Three people who changed the course of black history
Three stories of people whose lives changed the course of black history.
James Somerset – the slave who began the end of slavery in the UK
In 1771, a 19-year-old slave James Somerset became the centre of a legal battle that began the end of the slave-trade. At this time, the slave-trade was legal in the UK and there were 15,000 slaves in England.
The writ of ‘habeas corpus’ was used as a case by abolitionist Granville Sharp to challenge the legality of slavery. It challenged the law to see slaves as human beings, rather than property.
The case was fought in court and Somerset ultimately won his freedom.
Lord Chief Justice, Lord Mansfield summarised: “The state of slavery is of such a nature so odious that the English Common Law could never accept it.”
This ruling sparked the beginning of the end of slavery in England.
In our clip from Strange Case of the Law, barrister Harry Potter meets historian Arthur Torrington to explore the story of James Somerset.
Harriet Tubman – who risked everything to win freedom from slavery for herself and others in 19th century USA
Harriet Tubman was born into slavery in the state of Maryland, USA, in 1820 and grew up working in the cotton fields.
In 1849 she risked her life when she escaped from her owners.
By crossing the border to Pennsylvania – a state where slavery was abolished in 1780 - she was free.
She joined a network known as 'The Underground Railroad' and helped more than 70 other slaves to escape.
She became prominent in the abolition movement and helped the Union during the American Civil War.
In 2016, it was announced that she will be the face of the $20 bill from 2020.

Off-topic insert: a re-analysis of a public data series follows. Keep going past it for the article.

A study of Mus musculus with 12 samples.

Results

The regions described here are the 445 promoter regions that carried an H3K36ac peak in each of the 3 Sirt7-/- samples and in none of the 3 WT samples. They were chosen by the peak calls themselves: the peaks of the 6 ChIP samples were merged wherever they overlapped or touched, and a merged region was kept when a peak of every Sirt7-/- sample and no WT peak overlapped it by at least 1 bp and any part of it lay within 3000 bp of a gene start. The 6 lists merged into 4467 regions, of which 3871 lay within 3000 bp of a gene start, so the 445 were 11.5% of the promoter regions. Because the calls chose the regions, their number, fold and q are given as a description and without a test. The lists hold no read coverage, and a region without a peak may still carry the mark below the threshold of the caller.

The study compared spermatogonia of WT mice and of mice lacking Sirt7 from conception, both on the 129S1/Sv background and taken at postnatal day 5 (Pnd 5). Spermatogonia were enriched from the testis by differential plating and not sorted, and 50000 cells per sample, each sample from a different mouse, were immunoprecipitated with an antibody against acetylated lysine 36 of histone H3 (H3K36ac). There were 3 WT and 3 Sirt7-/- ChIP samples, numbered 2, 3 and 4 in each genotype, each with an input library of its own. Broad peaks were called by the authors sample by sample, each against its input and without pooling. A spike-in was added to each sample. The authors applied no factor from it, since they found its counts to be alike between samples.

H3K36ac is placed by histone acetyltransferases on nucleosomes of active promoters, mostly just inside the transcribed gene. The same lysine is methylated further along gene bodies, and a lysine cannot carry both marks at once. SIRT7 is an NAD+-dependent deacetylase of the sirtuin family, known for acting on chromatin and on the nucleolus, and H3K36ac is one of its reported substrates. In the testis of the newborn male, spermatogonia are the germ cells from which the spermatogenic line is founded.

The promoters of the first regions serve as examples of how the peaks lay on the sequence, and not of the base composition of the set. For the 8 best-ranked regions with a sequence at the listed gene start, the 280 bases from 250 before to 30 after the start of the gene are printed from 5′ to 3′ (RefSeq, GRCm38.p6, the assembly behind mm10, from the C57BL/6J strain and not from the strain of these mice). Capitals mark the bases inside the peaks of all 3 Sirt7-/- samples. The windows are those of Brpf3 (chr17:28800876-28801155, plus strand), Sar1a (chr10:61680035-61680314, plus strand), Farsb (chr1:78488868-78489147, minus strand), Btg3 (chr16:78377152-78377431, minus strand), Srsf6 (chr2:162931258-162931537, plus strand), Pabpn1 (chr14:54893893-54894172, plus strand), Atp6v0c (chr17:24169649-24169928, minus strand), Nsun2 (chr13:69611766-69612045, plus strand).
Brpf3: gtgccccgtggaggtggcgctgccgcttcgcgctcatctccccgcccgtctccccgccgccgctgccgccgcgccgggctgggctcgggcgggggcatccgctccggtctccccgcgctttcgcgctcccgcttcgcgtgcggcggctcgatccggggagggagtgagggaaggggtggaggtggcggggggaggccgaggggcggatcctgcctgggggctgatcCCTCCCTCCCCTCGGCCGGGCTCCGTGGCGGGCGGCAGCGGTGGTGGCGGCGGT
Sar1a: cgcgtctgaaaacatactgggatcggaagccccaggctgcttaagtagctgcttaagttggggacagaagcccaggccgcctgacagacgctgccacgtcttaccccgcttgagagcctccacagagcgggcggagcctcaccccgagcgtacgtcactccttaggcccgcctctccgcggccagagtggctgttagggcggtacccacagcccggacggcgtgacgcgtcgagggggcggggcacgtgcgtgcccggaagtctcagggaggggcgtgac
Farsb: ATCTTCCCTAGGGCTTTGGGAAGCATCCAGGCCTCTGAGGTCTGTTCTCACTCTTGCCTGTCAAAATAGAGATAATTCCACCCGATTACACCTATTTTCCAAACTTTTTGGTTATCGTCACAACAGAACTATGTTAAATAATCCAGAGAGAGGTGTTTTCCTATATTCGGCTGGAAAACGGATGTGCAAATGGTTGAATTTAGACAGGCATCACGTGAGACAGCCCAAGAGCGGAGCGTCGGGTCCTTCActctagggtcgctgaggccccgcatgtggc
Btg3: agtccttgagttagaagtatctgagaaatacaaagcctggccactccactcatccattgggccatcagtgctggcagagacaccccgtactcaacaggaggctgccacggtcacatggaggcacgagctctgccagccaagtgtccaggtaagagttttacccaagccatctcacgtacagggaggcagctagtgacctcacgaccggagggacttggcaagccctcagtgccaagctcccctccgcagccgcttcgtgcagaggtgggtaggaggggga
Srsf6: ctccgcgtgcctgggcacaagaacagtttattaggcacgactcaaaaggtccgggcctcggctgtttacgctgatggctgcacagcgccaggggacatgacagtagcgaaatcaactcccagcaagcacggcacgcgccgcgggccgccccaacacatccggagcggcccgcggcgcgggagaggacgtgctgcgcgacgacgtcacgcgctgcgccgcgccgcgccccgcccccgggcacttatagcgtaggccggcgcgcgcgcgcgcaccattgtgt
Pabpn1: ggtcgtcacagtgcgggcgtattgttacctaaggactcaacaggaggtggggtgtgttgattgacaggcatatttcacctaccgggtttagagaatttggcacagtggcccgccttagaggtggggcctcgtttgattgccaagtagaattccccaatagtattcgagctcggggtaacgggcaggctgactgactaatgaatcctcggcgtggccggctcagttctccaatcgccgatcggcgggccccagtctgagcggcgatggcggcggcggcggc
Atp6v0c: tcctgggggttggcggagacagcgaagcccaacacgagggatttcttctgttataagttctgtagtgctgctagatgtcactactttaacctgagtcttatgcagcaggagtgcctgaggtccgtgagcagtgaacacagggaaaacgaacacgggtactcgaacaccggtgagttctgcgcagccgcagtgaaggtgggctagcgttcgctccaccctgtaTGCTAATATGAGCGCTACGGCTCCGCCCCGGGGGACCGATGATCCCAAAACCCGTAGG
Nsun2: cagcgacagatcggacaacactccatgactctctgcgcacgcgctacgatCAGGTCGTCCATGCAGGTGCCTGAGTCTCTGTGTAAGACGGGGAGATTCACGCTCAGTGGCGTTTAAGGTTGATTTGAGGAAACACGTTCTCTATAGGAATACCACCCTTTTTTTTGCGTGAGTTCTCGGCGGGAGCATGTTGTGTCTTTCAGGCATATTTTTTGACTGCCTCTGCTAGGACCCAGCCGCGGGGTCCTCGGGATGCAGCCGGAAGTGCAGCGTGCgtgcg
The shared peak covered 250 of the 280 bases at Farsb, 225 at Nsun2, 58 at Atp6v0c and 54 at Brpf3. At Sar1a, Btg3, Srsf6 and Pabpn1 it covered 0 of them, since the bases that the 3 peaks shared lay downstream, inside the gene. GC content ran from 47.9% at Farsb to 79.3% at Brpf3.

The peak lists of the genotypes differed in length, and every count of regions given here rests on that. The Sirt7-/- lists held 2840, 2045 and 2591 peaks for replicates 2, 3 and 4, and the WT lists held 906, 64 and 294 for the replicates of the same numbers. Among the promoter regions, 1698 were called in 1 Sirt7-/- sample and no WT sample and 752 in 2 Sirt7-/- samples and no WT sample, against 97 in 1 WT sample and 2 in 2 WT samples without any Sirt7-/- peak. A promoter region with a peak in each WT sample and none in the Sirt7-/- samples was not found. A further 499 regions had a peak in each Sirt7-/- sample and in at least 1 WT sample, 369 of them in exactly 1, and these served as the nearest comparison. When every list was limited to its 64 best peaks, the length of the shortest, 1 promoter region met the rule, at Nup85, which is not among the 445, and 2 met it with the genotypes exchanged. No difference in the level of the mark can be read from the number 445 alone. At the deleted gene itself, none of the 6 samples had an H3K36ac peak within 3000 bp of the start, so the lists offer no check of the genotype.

This clip is a dramatisation of Harriet Tubman’s early life from the series True Stories.
Rosa Parks - whose refusal to give up her seat was a key point in the Civil Rights movement
Born in 1913, Rosa Parks grew up in a farm in Montgomery, Alabama. She experienced the segregation of black and white people in American society such as separate public water fountains, separate public toilets and churches.
It was also the law that black people sat at the back of the bus and gave up their seats to white people.
One day, on December 1 1955, after her day at work, Rosa refused to give up her seat – even after police were called to ask her to move.
On Monday 5 December she was found guilty of breaking the law and fined.
News of her protest spread and lead to the Montgomery bus boycott where hundreds of black people refused to take city buses. This lasted for 381 days and the government changed the law about segregation on buses.
This was a key point in the Civil Rights movement which led to the Civil Rights Act of 1964.
This clip is a dramatisation of Rosa Park’s life from the series True Stories.